So what’s an MB-D18? To use Nikon nomenclature, it’s the “multi-power battery pack” for the D850 camera. It’s the add-on grip that lets the D850 hit 9 frames/second (versus the 7 fps the camera alone tops out at). Well, 9 fps if you also add a battery from a D4 or D5 camera and the special BL-5 battery chamber cover needed to mount that battery into the MB-D18. Of course you’ll also need a charger for that battery. Wowza — this adds about $1000 out of pocket to get two more frames per second. So is it worth the expense?
The answer is simple and is the same exact answer I give to all photographic questions: it all depends.
Let me stop right here and make one statement: if I could only have one camera right now to photograph landscapes and wildlife and everything else, my choice would be a D850. Is it a great landscape camera? The best I’ve ever used. Is it a great wildlife camera? While it’s a good wildlife camera, I do think the D5 is a better choice for someone who is a wildlife specialist. But like I said, if I could only have one camera, then give me a D850.
So back to the MB-D18. Adding it does make shooting vertical compositions a lot easier, but at the same time it bulks up the size of the camera quite a bit. Plus the total weight of the camera increases a lot depending on which “multi-power” source you use. Two battery trays come standard with the MB-D18, one for an additional EN-EL 15 battery (the same as used in the camera body itself), and one for eight AAs. Neither of these change the frame rate; the camera still tops out at the default 7 fps. You’re simple adding additional power time to the camera. In my opinion you can just leave that AA tray in the box. But you should have an extra EN-EL 15 battery no matter what, and adding the second one in the grip really extends shooting time.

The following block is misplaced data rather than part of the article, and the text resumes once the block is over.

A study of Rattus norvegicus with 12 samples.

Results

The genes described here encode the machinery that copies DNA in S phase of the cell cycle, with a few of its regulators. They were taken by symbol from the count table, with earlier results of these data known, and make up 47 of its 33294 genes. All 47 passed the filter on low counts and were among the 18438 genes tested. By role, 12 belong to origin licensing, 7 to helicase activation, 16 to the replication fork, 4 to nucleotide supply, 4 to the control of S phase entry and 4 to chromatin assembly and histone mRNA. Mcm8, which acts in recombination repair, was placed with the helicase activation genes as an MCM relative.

Landscape photographers certainly don’t need a faster frame rate, but having an additional battery in place, along with the one in the camera body, might help occasionally. I can think of several scenarios: extended time lapse shooting, hours of star trail photography, and severe cold weather work. I was in Jasper National Park in February when it was minus 30° F. It was difficult enough at that temperature to change a lens let alone a camera battery. As a side note, the D850 worked perfectly at 30 below, no problems. My own ability to function, or even semi-function, was the problem.
It’s that 9 fps option that really adds expense, so the nitty gritty question is whether you really need 9 fps or not. When photographing wildlife every frame counts, so the answer might be “yes” if wildlife plays an important part in your photographic plans. So, yes, I did purchase an MB-D18 along with a BL-5 battery cover. But then I already have a D5, an extra EN-EL 18a battery for the D5, and the D5 charger, so the additional expense was not as much as it might have been. Here’s a little money saving story: I like having a second charger to leave in the camper I have on my truck, but the $370 for another MH-26a (the charger that comes with the D5) put me off. A couple of quick phone calls to dealers and I found a used MH-26 (the charger that originally came with the D4 bodies) for a whopping $44. Now that’s more like it.
So, do you really need 9 fps? If so, go for it. If not, take that $1000 you saved and spend it on a photo trip.